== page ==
Kimbofo and I are both trying to get as many Giller shortlist reviews posted as possible before next Monday’s Gala and prize announcement — and she is doing a better job than KfC is. Here are the opening paragraphs to her review of David Bezmozgis’ The Betrayers — you can find her full review here and KfC’s here.
David Bezmozgis’ The Betrayers has been shortlisted for this year’s Giller Prize. It’s not the first time he’s made the cut — his first novel, The Free World, was shortlisted in 2011.
This new book is also focussed on Russian Jews but is vastly different. Set in current times, and spanning just 24 hours, it focuses on two aged men — a Russian dissident turned Israeli politician, who is embroiled in a sex scandal, and a 70-year-old Soviet exile, who is in poor health and struggling to make ends meet — whose paths cross in Yalta, a holiday resort on the Crimean peninsula.
The book is divided into four main parts — the first focuses on the politician, Baruch Kotler; the second on Vladimir Tankilevich, the Jew who informed on Kotler 40 years earlier; the third on their reunion; and the fourth on the outfall of their meeting.
In a nutshell, the story goes something like this: in his role as a cabinet minister, Kotler has taken a stand against the destruction of West Bank settlements and has refused to be blackmailed into keeping quiet. As a result, photographs of him in a compromising position with his young assistant, Leora, have been published in the papers. Kotler and Leora decide to lay low by taking a short vacation in the Crimea, where they rent a room from a Russian woman. By coincidence, it turns out that the Russian woman is married to Tankilevich. The two men meet, have a long conversation about their past, and then Kotler and Leora return home to face the consequences of their actions.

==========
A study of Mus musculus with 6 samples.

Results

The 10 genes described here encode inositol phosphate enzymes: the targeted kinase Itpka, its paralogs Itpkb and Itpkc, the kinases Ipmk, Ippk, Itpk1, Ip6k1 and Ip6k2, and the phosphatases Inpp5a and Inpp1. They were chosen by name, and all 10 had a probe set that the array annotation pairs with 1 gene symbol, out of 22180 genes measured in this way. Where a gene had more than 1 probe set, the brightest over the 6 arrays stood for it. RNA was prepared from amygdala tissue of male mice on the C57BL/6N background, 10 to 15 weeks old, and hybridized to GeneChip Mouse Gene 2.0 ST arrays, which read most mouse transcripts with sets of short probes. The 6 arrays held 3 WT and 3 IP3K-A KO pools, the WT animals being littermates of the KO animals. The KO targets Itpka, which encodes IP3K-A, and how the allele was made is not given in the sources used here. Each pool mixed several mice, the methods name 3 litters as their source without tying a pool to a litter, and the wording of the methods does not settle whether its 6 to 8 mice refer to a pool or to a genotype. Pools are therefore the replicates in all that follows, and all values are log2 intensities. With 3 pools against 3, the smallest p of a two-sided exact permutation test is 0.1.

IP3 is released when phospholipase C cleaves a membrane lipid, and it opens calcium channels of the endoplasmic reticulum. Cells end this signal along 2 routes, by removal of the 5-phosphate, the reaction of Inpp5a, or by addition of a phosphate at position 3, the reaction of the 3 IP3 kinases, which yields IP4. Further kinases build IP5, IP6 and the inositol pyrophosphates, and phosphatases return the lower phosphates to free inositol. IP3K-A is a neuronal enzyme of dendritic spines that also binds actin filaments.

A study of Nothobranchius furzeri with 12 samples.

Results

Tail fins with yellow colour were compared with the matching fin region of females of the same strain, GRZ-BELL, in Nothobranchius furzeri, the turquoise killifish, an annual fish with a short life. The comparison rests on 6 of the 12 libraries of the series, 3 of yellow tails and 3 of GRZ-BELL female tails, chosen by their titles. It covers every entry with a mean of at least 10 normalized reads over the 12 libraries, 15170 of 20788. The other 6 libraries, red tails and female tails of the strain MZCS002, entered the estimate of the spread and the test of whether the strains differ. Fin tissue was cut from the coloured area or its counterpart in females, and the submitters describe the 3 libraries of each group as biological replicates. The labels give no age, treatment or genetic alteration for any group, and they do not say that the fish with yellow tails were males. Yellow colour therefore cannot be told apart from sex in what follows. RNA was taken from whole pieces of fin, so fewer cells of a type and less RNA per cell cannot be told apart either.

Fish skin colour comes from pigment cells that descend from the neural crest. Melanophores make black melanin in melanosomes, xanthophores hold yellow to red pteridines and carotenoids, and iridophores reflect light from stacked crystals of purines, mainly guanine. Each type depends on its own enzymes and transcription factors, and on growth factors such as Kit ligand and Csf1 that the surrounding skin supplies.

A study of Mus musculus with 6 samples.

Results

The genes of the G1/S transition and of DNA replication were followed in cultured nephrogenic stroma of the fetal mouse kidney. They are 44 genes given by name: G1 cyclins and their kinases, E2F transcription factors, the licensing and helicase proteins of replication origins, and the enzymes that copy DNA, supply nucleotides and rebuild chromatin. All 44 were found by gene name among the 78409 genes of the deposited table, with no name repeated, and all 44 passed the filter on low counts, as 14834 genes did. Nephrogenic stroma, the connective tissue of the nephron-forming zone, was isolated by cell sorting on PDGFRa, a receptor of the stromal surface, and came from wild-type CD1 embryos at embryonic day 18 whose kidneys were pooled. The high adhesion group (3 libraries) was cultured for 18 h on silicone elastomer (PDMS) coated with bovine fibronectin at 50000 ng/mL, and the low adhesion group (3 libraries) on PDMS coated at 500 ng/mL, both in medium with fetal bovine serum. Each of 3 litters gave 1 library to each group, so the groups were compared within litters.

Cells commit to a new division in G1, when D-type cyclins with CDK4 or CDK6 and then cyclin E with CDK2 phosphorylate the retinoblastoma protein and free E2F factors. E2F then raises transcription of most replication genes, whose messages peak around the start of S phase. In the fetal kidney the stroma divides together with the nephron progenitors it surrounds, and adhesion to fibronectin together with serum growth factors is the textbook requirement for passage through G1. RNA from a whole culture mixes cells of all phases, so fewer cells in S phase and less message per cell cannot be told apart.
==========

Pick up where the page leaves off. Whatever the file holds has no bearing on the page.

Of course, it would spoil things to outline the detail of the conversation between Kotler and Tankilevich, which makes up the bulk of the book, but suffice to say it largely fleshes out the novel’s theme, which — as the title would suggest — is very much focussed on betrayal and its long-lasting repercussions. This betrayal is not only between the two men at the heart of the story, but also on other characters, including Kotler’s betrayal of his longstanding wife Miriam (by taking up with Leora) and Leora’s betrayal of Kotler’s daughter, Dafna, with whom she is very good friends ( by taking up with her father).